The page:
Wear shoes and your brace (if you have one) when performing the exercises. Determine the maximum amount of weight your unaffected leg can lift by performing each exercise with the most weight you can handle. If the exercise seems easy, do it again with more weight. Record the maximum weight for each exercise that your unaffected leg can lift. This is the goal you work toward with the injured leg. As a general rule, you should be able to lift 10% of your body weight. Exercise the weaker leg once a day, every day. Perform the exercises slowly, at a rate of one repetition per second. Start exercising the weaker leg with a weight that will allow you to barely complete the prescribed number of repetitions because of fatigue. If the exercise seems easy, add more weight next time. If the exercise is too difficult, decrease the amount of weight next time. Over time, as the exercises become easier, increase the amount of weight by 1-1/4 or 2-1/2 pounds. Do not add more repetitions, but continue to increase weights as you get stronger. These exercises are designed to be performed pain free. If you experience pain while doing them, decrease the height of the lift and/or the amount of weight you are lifting. The generalized muscle soreness you will feel is normal and should not be confused with joint pain. As you progress with the exercises, this soreness will diminish. When the weaker leg can lift the same weight as the stronger leg, continue the exercise with both legs to strengthen both of them to their maximal potential. When you have reached this level, perform the exercise every third day.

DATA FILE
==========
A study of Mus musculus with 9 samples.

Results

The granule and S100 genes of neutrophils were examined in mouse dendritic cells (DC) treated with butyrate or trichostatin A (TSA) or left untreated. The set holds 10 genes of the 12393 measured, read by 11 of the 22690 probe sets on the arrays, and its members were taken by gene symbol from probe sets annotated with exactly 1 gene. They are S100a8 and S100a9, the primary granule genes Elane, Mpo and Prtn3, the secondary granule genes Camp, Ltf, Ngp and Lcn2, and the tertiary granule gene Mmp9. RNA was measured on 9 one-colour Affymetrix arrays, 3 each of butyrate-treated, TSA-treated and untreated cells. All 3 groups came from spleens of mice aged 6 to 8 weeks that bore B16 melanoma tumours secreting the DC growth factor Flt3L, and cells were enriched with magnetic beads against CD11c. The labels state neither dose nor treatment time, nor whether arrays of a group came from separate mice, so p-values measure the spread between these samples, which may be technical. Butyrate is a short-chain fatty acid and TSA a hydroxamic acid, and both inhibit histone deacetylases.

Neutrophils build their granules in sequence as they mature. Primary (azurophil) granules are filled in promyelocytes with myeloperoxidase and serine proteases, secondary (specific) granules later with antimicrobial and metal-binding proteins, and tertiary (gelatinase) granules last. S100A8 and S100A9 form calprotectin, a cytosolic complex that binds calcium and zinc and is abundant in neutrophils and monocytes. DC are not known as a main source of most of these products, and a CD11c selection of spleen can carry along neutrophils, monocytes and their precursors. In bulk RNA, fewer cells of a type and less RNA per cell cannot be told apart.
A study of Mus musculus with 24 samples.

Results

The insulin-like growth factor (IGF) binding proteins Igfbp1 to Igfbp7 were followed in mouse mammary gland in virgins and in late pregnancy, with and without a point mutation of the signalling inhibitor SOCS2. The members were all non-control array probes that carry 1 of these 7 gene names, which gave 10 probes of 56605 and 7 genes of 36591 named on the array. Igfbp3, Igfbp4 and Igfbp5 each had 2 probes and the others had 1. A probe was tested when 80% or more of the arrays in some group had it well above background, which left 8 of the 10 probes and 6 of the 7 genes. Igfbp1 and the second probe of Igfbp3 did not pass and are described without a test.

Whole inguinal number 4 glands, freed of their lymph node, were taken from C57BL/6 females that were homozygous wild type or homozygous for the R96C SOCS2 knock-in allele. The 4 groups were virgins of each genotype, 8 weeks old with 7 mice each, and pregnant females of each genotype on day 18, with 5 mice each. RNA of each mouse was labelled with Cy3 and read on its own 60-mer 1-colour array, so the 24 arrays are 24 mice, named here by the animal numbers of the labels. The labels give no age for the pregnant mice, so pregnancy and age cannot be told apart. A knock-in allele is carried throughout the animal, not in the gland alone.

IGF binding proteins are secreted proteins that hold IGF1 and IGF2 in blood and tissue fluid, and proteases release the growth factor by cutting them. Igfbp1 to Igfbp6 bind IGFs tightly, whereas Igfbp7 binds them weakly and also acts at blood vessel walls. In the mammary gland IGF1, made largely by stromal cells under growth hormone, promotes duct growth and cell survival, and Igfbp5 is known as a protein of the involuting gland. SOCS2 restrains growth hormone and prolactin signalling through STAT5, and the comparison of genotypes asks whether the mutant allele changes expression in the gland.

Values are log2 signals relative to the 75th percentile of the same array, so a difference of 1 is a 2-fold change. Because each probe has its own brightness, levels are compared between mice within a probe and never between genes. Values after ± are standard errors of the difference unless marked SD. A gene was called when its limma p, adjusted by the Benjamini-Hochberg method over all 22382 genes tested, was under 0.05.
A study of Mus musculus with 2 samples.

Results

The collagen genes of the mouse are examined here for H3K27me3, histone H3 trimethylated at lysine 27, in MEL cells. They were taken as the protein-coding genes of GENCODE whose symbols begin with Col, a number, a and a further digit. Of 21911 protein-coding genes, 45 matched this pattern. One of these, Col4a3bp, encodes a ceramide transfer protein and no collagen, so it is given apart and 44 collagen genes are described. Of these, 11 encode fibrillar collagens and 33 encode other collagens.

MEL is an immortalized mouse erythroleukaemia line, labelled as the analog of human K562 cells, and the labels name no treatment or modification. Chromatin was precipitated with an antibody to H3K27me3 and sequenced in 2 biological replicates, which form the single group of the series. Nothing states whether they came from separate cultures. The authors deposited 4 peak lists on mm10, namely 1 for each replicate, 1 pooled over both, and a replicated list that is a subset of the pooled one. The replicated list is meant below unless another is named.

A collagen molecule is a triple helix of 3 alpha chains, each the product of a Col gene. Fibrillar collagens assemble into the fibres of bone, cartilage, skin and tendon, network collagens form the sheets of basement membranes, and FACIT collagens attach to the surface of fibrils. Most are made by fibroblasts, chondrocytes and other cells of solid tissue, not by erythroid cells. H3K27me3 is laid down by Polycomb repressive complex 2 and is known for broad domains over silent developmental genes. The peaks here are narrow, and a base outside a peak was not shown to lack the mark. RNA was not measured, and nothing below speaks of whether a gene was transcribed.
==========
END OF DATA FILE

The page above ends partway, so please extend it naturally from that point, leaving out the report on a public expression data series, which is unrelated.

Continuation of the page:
Use black disk weights with a hole in the center (donut weights). Buy one 1 1/2 lb, one 2 1/2 lb, one 5 lb, one 10 lb weight, and a strap to secure the weights around the instep of the foot. (Do not use sandband or Velcro weights that wrap around the ankle.) This equipment can be purchased at many sporting goods stores. Wear shoes and your brace (if you have one) while performing the exercises.
Examples of Exercises:
- Side Lifts (Hip Abduction)
- Hip Flexion
- Straight Leg Raises - Hip Flexors and Quadriceps
- Hip Adduction
- Tensor Fascia Lata
- Hip Extension - Gluteus Maximus and Hamstrings
- Knee Extensions
- Knee Flexion - Hamstrings
- Toe Raises - Gastrocnemius and Soleus
- Ankle Dorsiflexion (Anterior Tibial Group)
- Ankle Inversion - Tibialis Anterior and Tibialis Posterior
- Ankle Eversion - Peroneal Muscles
- Short Arc Quadriceps
- Prone Knee Extension
Please discuss the details of each exercise during your appointment with our doctors and/or therapists when you come to Wellness Plus Clinic.